Food, fuel, and the Fed(Read article summary)
Can the Fed influence the price of gas and food with its monetary policy?
Gregory Bull / AP / File
Dean Baker argues that the Fed should focus only on "core" inflation because he claims that the Fed can't influence food and energy prices other than marginally.
Not only is Baker wrong about this, but the truth is the opposite of Baker's assertion. Because particularly fuel prices and to a lesser extent food prices (food commodities are as sensitive as energy commodities, but the commodity cost is particularly in America a much higher share of the retail price of fuel than it is of the retail price of food, not to mention the restaurant price of food) are largely determined by the prices set by global financial markets. This means first of all that they are more flexible than other prices and secondly it means that they are strongly affected by the dollar's exchange rate (the weaker the dollar, the higher will the dollar price of commodities be). And through it's monetary policy the Fed strongly influence the dollar's exchange rate.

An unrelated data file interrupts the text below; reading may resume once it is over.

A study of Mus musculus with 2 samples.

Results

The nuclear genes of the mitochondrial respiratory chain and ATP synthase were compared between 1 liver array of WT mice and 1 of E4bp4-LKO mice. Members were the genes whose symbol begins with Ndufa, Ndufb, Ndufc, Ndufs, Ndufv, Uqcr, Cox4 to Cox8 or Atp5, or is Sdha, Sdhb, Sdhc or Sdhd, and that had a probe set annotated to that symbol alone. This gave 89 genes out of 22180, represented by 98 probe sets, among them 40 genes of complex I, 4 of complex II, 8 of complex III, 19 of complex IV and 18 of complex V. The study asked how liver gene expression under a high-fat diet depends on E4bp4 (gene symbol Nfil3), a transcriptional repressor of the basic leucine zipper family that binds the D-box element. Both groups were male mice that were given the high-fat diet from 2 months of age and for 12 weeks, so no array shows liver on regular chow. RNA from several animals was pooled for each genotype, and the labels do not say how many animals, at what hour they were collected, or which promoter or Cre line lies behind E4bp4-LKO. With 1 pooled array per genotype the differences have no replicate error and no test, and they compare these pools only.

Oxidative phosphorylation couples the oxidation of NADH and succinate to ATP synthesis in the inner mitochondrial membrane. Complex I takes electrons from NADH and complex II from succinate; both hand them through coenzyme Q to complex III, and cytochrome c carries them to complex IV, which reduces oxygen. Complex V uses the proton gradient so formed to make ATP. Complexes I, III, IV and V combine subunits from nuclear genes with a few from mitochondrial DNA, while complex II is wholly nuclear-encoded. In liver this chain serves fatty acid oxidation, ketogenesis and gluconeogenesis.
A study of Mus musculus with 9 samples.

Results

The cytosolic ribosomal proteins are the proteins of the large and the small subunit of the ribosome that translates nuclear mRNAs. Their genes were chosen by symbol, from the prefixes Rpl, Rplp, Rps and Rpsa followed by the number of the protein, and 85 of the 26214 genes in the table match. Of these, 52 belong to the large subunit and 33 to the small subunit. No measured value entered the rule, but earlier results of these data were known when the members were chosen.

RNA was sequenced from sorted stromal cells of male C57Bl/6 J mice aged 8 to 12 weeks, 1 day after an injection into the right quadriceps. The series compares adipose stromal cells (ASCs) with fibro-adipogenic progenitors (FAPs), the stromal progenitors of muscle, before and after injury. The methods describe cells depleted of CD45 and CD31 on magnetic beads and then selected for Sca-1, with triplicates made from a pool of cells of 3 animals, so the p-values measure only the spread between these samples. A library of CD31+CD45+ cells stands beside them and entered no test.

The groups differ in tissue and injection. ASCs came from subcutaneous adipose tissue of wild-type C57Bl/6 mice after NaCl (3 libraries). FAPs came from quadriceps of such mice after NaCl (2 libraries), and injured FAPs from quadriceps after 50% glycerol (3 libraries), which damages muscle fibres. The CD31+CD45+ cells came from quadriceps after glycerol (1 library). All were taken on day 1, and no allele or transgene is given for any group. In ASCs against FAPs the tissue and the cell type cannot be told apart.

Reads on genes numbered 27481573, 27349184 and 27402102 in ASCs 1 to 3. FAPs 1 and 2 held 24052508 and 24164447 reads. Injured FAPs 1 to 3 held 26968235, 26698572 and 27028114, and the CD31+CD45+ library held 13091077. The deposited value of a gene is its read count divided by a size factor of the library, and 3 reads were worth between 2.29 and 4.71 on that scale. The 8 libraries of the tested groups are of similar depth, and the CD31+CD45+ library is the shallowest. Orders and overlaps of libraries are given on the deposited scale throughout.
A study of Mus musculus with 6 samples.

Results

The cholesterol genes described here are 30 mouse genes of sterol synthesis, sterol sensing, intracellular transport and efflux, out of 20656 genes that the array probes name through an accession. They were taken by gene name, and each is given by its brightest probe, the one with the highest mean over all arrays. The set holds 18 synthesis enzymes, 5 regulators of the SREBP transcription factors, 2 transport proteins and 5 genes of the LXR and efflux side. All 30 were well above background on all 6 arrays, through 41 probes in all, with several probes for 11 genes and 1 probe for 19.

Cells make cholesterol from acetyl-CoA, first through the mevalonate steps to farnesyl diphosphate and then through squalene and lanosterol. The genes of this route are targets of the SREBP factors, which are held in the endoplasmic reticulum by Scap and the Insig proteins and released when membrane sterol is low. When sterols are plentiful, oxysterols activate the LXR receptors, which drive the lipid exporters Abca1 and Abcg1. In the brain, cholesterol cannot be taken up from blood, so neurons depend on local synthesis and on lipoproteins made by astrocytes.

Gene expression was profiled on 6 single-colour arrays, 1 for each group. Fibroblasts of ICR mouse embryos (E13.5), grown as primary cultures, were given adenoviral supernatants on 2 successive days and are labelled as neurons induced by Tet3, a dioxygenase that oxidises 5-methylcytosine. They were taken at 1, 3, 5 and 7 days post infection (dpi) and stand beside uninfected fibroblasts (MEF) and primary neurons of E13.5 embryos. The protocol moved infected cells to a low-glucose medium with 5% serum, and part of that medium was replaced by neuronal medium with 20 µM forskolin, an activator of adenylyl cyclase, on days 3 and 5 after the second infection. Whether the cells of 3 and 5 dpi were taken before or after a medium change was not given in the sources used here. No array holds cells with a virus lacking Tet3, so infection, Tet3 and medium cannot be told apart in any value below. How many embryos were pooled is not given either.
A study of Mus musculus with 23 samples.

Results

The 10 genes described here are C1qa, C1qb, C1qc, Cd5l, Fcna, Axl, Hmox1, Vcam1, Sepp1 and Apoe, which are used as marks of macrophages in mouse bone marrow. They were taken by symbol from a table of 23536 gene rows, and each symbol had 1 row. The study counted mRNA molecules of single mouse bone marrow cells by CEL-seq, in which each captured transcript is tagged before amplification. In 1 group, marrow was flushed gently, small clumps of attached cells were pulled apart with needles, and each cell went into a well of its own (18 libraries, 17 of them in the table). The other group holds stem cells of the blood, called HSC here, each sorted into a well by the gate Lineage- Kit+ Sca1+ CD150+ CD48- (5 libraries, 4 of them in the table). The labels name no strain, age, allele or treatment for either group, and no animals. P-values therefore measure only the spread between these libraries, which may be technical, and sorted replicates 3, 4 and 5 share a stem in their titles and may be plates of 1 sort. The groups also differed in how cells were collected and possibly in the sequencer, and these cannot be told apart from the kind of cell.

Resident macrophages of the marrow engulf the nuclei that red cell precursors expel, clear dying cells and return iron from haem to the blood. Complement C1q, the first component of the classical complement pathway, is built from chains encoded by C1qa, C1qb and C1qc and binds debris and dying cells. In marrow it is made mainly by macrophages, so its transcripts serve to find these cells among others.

All of this means that the Fed particularly in the short term have a very strong effect on food and fuel prices, indeed the short-term effect is often even greater than the long-term effect.
By contrast, most "core" prices are more or less "sticky", meaning that Fed policy at least in the short-term have little or no influence over them.
While there are other factors influencing food and fuel prices, such as the civil war turned international war in Libya because of a recent ill-advised decision, that doesn't change that the Fed can and does change them in whatever direction way they want, which in practice have tended to be upward. And besides, "core" prices are also influenced by other factors.